Expert opinions may vary, but in general there are some standard analyses that a business plan ought to have, regardless of specifics. You can find detailed discussions of each of these online in Hurdle: The Book on Business Planning, but let’s discuss here what probably ought to be included in a business plan.
Cash flow is the most important. Businesses run on cash. No business plan is complete without a cash flow plan.
Profit and loss, incorporating sales, cost of sales, operating expenses, and profits. This of course is also a pro forma income statement. In most cases it should show sales less cost of sales as gross margin, and gross margin less operating expenses as profit before interest and taxes (also called gross profit, and contribution to overhead). Normally there is also a projection of interest, taxes, and net profits.
Pro-forma balance sheet: Aside from cash and income, there is the balance of assets, liabilities, and capital.
Sales forecast: The form may vary to suit the business, but it is hard to imagine a plan without a sales forecast. Some plans forecast in excruciating detail, some summarize, but the forecast should be there. In the simplest of plans, the sales forecast might be a single line in the pro-forma income statement.
Personnel plan: Personnel costs are so intimately related to fixed costs that they should often be set aside and discussed. In some simple plans, they too, like the sales forecast, can be just a line or two in the income statement.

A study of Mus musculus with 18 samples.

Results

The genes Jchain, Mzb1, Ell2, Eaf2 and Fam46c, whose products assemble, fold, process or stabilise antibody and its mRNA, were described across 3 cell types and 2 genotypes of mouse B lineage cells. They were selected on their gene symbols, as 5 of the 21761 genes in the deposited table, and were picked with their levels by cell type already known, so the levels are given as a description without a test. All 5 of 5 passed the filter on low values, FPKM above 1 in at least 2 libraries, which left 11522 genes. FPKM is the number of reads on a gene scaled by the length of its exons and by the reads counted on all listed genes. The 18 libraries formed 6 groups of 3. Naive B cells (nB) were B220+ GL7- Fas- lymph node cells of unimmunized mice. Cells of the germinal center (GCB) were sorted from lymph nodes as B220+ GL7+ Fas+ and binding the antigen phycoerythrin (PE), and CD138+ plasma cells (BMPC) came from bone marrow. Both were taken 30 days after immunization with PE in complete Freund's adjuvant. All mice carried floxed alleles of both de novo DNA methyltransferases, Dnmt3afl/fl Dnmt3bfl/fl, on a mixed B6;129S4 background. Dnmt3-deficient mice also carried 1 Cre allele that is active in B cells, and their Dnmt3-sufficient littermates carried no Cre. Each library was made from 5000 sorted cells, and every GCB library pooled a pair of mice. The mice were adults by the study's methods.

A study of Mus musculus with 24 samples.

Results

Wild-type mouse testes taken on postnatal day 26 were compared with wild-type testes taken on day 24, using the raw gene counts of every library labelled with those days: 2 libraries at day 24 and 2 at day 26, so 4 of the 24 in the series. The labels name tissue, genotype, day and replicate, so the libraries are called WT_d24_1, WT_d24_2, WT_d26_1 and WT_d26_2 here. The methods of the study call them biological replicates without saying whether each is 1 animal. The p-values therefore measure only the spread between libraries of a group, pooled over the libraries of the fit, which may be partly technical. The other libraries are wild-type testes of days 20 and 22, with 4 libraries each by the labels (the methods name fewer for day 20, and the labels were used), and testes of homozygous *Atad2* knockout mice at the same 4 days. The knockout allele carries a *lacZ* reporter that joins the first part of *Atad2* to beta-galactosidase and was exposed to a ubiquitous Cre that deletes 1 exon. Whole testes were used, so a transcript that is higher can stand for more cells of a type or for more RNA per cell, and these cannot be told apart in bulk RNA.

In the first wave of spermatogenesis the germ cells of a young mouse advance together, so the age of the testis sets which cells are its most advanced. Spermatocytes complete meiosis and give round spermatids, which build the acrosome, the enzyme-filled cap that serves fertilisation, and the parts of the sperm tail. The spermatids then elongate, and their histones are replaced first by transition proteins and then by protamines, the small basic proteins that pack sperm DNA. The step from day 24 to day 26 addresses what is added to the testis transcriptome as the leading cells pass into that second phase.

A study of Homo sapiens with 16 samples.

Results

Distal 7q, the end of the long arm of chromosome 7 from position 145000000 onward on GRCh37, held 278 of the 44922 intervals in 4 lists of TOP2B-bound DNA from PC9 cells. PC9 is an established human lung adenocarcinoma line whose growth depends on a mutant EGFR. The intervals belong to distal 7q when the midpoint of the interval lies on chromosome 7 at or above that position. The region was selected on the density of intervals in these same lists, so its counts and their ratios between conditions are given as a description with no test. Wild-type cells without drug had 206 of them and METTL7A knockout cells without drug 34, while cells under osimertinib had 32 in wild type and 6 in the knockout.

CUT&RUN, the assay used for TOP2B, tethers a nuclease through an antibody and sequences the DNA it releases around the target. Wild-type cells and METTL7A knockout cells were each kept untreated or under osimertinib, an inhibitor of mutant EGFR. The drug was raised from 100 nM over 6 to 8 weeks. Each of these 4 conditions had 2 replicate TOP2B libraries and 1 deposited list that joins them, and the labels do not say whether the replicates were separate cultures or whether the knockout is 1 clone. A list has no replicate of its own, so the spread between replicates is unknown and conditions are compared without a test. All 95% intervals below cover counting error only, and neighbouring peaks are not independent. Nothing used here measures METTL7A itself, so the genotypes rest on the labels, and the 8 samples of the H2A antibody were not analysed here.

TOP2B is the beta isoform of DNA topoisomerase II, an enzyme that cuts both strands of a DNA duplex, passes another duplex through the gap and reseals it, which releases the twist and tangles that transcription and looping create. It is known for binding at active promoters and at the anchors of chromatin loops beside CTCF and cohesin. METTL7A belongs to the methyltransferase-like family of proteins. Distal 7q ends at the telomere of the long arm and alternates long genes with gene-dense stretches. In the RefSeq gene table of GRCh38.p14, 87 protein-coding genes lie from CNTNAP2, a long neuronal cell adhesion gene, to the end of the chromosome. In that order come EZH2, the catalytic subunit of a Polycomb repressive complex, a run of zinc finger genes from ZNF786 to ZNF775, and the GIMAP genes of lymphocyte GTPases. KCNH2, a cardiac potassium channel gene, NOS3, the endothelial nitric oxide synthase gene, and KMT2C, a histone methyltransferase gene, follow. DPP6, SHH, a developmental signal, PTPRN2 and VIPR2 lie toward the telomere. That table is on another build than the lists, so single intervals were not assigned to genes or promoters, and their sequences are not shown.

Business ratios: The numbers are there, when there is pro-forma income, cash, and balance sheet, so the ratios can be calculated. This isn’t as necessary for an internal plan as for one for bankers and investors, but some key ratios are almost always a good idea. They should probably include some profitability ratios like gross margin, return on sales, return on assets, and return on investment; plus some liquidity ratios such as debt to equity, current ratio, and working capital. You already know which ratios you like to use, and how to calculate them. A banker will have a similar view.
Break-even analysis: Most of the break-even analyses included with business plans have little value, but most bankers and analysts like to see them.
Market forecast: Aside from the sales forecast, which is essential, a market forecast is also a good idea. How many potential customers are there? How does market growth stand to impact this business?